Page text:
Late payments have plagued the construction industry for several years. This has become a toxic “norm” in construction, which is why nearly every state has prompt payment laws to help minimize those instances. Texas is one of those states.
The Texas Prompt Payment Act is a set of laws that regulate and enforce payment deadlines on public and private construction projects. As such, the Act applies to property owners, general contractors, subcontractors, suppliers, material fabricators, designers, and anyone who otherwise earns money in Texas’ construction industry.
What happens if a payment isn’t received on time? For private projects, a 1.5% interest rate per month is added to the amount owed, totaling 18% interest per year. Under the Texas Prompt Payment Act, payment deadlines for private projects include the following:
- The property owner must pay the prime contractor within 35 days of receiving an invoice
- The prime contractor must pay their subcontractors and suppliers after receiving payment from the owner
- The subcontractors pay their second-tier contractors within 7 days after getting paid from the prime contractor
Deadlines for public projects are a little bit different, requiring the government to pay the prime contractor within 30 days of:
- Receiving the contracted goods
- The completion of the project
- Receiving the invoice
Note that a payment is considered late on the 31st day. Once the prime contractor is paid by the government on a public project, they must pay their subcontractors or suppliers within 10 days. For late payments on public projects, a 1% interest rate per month is added to the prime rate published in the Wall Street Journal on July 1st of the preceding fiscal year that does not fall on a Saturday or Sunday.
However, if there’s a bona fide dispute about the contracted work, the government entity may get away with not paying the contractor under limited circumstances. But if the government improperly withholds payment on a public project in Texas, the contractor may suspend their work until they are paid.
With this in mind, you may wonder how contractors and suppliers can get paid for their work. The answer? Filing a mechanics lien to secure payment.
How Long Do You Have to File a Mechanic’s Lien in Texas?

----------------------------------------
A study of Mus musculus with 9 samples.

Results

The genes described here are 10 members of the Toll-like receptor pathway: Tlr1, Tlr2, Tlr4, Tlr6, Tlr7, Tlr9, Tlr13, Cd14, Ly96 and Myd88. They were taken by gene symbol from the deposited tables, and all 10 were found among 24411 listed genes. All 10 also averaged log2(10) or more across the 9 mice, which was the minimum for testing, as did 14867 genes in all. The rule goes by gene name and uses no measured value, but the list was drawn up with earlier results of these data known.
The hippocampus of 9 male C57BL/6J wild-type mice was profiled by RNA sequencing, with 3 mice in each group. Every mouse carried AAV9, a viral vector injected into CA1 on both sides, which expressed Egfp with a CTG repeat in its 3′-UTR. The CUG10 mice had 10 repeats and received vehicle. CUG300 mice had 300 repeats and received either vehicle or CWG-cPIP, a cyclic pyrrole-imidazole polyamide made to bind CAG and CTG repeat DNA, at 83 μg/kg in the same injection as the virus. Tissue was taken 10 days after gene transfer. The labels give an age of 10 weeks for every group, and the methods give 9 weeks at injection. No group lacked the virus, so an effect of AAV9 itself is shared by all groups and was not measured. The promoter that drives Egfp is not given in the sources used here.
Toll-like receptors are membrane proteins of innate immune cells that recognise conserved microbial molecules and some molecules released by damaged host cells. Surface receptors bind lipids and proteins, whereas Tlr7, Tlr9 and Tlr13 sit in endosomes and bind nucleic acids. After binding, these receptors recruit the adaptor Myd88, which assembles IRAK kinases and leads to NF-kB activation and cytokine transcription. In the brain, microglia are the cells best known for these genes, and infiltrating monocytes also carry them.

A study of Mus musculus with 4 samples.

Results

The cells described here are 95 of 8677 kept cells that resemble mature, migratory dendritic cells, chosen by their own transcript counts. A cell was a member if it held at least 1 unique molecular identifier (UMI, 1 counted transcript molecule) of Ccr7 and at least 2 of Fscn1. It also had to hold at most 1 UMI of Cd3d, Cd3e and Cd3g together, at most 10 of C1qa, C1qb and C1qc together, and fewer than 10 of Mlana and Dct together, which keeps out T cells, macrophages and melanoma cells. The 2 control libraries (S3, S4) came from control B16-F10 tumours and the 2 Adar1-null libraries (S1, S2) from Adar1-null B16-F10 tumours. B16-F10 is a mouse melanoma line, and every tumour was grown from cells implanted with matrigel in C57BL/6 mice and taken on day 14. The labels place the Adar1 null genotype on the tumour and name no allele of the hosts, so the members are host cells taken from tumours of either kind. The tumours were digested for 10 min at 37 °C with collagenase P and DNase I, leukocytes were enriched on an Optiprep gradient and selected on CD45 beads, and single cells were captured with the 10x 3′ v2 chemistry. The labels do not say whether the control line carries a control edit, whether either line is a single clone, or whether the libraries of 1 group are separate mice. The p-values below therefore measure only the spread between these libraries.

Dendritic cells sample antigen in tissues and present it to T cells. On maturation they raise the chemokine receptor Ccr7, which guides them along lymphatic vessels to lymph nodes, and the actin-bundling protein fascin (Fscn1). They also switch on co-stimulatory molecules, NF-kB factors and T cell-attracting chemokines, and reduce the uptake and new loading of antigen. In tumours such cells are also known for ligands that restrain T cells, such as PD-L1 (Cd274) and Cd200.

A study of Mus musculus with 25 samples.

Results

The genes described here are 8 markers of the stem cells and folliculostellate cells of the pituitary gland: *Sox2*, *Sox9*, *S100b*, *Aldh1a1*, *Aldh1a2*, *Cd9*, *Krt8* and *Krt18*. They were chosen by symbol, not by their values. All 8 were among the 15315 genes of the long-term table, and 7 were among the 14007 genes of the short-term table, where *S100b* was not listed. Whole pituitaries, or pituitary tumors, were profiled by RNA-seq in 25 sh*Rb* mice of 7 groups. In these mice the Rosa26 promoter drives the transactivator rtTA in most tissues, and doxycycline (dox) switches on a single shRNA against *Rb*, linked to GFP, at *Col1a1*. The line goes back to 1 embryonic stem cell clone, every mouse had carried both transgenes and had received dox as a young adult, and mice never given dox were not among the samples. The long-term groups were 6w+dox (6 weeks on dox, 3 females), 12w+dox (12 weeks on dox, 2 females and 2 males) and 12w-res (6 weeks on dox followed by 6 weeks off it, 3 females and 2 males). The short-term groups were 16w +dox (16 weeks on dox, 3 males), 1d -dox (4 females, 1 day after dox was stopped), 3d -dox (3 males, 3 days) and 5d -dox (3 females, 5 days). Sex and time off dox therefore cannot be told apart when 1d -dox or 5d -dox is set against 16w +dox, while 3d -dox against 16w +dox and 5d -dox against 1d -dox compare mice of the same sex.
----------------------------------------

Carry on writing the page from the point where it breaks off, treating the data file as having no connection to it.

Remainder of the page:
A mechanics lien is a legal claim filed against the title of a property that allows unpaid construction workers such as prime contractors, subs, and suppliers to get a security interest in a property until they get paid. A mechanic’s lien ensures construction workers are paid on time for projects and applies to both real and personal property.
While mechanic’s liens do not guarantee payment, they certainly incentivize property owners to pay construction workers on time. One reason is that property cannot be sold until all mechanic’s liens are handled.
So, when should you use a mechanic’s lien for a construction project? See below:
- You give a preliminary notice, and the party is slow to pay
- You give a notice of intent to lien and the party still doesn’t pay
- You demand payment by using a mechanic lien
If a preliminary notice is issued by the appropriate deadline and the party doesn’t pay, prime contractors, subcontractors, suppliers, and others involved in a construction project must file a mechanic’s lien according to very specific statutorydeadlines.
Unfortunately, a mechanic’s lien doesn’t always convince the other party to pay up. If that is the case, the claimant can initiate enforcement or a lien foreclosure action, which is a lawsuit. The deadlines for enforcing a mechanic’s lien in Texas include:
- Residential projects: Enforcement must be initiated either 1 year after the last date that the claimant could file the lien or 1 year after the project was done or abandoned, whichever comes later.
- Non-residential projects: The claimant must enforce the lien either 2 years after the last date they could file the lien or 1 year after the project was done or abandoned, whichever comes later.
As you can see, legal options are available for construction workers to demand payment. These actions are enforceable under the law. Thus, if you are working to secure an overdue payment on a public or private project in Texas, or learned that a mechanic’s lien was filed against your property, our lawyer at Cramer Law Group can be your trusted choice of representation.
To discuss your situation and learn about your next steps, contact our firm at (972) 833-8330! We proudly serve all of Texas.